While it doesn’t work in every part of the world, the Seasons (as
we experience them in the UK) and the Christian year do tend to
work quite nicely at this time of year. The journey through Lent, a
time of preparation, denial, fasting, and discipline has been made
in days of long nights and short days, cold weather and rain. Then
as Easter begins to move into view, snowdrops are followed by
daffodils. The death of winter gives way to the new life of the Spring. Spirits lift. Without the rain, eyes rise from the pavement to one another’s faces; heavy coats that protect and hide us away from each other are discarded once again.
I suspect I love the Spring as much as I do because of those wintry months. The appreciation of these heights is all the more acute because we went down to the depths first and spent that time longing for the new day to dawn and the sun to shine.
Spring brings joy, in part, because of winter. Easter Sunday brings joy, in part, because of Good Friday. It makes no sense without both. I love the hope of resurrection because I know something of the frailty of the depths that exist in our own human fragility. I take too many funerals and sit with too many families in their own depths to not have a sense of appreciation for hope renewed and recast in new ways in the midst of the pain.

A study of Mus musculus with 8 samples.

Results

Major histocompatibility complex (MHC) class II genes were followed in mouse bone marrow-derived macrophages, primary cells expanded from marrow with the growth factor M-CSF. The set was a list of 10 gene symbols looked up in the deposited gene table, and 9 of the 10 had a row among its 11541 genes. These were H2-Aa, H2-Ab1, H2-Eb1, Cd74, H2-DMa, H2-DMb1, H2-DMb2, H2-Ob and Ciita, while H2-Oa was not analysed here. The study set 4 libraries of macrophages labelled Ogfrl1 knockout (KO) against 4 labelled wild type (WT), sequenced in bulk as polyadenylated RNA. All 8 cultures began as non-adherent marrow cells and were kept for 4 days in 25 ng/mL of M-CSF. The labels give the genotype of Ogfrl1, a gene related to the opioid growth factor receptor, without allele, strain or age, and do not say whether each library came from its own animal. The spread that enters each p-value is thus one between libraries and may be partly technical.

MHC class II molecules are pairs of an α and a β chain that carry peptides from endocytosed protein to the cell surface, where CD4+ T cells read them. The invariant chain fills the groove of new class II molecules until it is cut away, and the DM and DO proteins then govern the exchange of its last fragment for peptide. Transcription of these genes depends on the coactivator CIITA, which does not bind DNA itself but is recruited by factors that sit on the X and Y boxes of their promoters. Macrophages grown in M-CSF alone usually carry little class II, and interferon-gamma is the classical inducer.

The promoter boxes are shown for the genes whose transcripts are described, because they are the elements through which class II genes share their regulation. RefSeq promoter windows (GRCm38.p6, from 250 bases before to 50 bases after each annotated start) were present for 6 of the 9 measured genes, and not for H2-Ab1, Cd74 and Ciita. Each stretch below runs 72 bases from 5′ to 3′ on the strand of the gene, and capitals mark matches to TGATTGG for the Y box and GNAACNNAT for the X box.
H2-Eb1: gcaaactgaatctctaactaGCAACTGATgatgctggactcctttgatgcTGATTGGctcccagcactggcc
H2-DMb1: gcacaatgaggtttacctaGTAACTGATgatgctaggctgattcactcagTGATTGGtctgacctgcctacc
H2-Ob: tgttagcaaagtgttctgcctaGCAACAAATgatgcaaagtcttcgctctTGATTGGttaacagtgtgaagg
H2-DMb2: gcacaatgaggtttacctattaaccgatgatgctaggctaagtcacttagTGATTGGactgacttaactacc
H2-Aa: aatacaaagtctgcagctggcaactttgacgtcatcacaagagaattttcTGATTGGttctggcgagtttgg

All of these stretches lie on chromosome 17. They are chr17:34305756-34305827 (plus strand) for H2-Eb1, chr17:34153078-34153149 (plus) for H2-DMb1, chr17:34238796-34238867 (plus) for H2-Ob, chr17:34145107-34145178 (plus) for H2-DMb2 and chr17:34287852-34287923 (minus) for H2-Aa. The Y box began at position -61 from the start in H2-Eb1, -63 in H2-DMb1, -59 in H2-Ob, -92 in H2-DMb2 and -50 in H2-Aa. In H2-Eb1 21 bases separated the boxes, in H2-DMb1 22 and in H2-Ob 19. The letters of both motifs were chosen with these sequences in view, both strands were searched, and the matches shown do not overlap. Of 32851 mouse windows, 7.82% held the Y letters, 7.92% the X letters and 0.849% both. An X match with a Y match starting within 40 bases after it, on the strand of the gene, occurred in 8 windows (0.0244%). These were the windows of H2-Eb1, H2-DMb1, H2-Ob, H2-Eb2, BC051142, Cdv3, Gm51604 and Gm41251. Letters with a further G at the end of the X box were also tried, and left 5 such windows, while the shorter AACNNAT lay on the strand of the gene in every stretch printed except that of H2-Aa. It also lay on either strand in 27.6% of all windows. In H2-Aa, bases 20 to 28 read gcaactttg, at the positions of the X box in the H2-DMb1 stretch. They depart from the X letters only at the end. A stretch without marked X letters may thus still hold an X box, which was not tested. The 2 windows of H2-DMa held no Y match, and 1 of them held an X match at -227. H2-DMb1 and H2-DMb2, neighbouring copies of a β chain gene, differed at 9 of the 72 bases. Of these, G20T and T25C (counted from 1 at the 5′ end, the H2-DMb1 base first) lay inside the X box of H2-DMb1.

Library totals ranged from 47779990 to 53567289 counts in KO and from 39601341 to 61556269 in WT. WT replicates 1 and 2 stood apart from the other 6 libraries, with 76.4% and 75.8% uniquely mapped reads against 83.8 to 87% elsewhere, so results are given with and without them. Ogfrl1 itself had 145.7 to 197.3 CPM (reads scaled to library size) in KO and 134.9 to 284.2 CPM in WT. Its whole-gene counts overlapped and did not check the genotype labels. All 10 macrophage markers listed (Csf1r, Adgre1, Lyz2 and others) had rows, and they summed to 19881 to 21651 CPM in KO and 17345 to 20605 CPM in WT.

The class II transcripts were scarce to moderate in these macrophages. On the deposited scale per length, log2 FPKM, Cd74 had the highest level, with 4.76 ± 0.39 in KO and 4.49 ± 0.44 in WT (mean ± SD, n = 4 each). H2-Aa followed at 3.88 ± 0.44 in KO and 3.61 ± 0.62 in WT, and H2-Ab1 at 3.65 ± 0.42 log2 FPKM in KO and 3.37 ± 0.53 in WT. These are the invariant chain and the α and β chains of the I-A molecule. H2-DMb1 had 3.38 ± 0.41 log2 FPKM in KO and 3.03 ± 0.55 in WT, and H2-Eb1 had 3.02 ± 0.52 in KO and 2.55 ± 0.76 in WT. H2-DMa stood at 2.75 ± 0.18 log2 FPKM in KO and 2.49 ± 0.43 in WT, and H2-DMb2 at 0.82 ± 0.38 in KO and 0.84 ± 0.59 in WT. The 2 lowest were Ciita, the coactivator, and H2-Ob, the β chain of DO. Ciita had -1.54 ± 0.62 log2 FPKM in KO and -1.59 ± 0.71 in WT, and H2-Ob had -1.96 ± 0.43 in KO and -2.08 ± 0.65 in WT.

As the Psalmist put it, nearly three thousand years ago,
“Weeping may linger for the night,
but joy comes with the morning.” Psalm 30.5
I take heart knowing that Jesus, my God with human face, experienced all that we experience. I can pray because I know that in the Garden of Gethsemane, he prayed honestly about the most painful of all depths that he was about to experience.
In this last fortnight, Pope Francis I has signalled a change of perspective for my Roman Catholic friends and, continuing that thought about prayer, in this country Archbishop Justin Welby began work saying “let us provoke each other to heed the call of Christ… committed in prayer to Christ, and we will see a world transformed” (my emphasis).
A recent ICM survey noted that four in every five British adults believe in the power of prayer. Do you? I’m not surprised, given that many people, regardless of whether I ever see them in church worshipping, often will say, ‘Pray one for me’. Indeed, there’s a Church of England website www.prayoneforme.org where people can make prayer requests and know that Clergy, Monks and Nuns will pray on their behalf. You may like to check it out.
When I’m asked, it is always my privilege to pray such prayers, of course. But the message of Easter is that no other intermediary is necessary. In the events of Jesus’ life, death and resurrection, a way is made and our prayers can be heard. There are all sorts of methods of prayer but the key thing is always that those who wish to do so, have that Easter confidence and faith about them to lift their eyes, look for a new day to dawn and welcome the sun, asking it to shine.